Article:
Vertex Pharma Swaps Endpoints in Key Cystic Fibrosis Studies

Vertex Pharmaceuticals (VRTX) swapped around the primary and secondary endpoints of the two phase III clinical trials dubbed "Traffic" and "Transport" which are investigating combination therapy in cystic fibrosis patients.

The primary endpoint of both cystic fibrosis studies is now the absolute change in lung function, which before Thursday was a key secondary endpoint. Relative change in lung function was the primary endpoint but is now a key secondary endpoint.

The decision to swap out endpoints was made as "part of ongoing discussions with the FDA and was not based on anything going on in the study or anything observed in the study," said Vertex spokesman Zach Barber.

Barber added: "We consider this more procedural because we were always planning to measure and report both absolute and relative change endpoints. Nothing changes in terms of the powering of the study."

The "Traffic" and "Transport" studies investigate the combination of Kalydeco and VX-809 in cystic fibrosis patients with the F508del homozygous mutation. Results from these two studies are expected in mid-2014 and have the potential to deliver $6 billion or so in new sales to the company. To call these studies important for the future of Vertex's cystic fibrosis franchise is an understatement, and naturally, investors are paying very close attention to them.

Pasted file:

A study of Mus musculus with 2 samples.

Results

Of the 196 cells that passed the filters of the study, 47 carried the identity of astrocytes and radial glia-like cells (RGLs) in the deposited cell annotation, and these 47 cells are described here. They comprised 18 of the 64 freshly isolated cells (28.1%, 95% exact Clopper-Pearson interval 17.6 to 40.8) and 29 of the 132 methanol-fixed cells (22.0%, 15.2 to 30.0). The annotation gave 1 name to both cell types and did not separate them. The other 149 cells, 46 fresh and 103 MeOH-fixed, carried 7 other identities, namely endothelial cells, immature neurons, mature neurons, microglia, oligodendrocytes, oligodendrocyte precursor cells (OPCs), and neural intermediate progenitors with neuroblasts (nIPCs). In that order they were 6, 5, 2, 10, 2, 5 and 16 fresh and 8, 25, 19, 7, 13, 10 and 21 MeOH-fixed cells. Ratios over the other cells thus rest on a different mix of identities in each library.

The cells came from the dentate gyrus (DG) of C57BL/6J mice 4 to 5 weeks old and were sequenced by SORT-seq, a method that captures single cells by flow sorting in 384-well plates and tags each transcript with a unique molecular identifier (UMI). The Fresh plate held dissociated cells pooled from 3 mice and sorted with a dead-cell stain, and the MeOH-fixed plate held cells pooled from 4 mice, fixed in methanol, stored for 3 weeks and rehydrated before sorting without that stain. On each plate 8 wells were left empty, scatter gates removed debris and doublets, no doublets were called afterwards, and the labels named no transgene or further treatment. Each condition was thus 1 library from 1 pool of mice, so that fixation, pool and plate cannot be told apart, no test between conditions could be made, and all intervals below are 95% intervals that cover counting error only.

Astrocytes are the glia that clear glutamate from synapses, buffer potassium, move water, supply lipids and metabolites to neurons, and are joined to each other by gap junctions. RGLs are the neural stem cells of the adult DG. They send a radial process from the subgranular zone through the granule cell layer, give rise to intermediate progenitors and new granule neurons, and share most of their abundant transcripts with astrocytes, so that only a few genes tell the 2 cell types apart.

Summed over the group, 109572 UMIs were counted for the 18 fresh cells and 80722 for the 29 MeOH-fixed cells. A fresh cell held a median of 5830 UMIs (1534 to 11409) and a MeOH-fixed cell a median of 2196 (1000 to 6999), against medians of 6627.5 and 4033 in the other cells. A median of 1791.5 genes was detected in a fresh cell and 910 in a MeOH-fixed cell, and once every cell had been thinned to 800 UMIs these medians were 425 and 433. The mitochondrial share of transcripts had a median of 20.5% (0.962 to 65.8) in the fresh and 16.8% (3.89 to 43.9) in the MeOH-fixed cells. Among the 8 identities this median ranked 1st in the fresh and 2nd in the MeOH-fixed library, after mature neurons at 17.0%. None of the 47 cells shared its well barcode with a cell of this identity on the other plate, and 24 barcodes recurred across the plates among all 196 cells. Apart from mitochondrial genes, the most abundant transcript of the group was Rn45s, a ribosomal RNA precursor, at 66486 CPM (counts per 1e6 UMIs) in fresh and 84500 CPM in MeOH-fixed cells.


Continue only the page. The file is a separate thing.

Absolute change in lung function was the primary endpoint of the phase III studies which Vertex used to get Kalydeco approved for cystic fibrosis patients with the G551D mutation. With that said, Vertex executives in the past have talked about a 5% relative improvement in lung function as an important efficacy threshold for the Kalydeco-VX-809 combination therapy.

The "Traffic" and "Transport" studies are designed with 90% power to detect a 3% absolute and 5% relative improvement in lung function, measured by forced expiratory volume in 1 second (FEV1).


Adam Feuerstein writes regularly for TheStreet. In keeping with company editorial policy, he doesn't own or short individual stocks, although he owns stock in TheStreet. He also doesn't invest in hedge funds or other private investment partnerships. Feuerstein appreciates your feedback; click here to send him an email.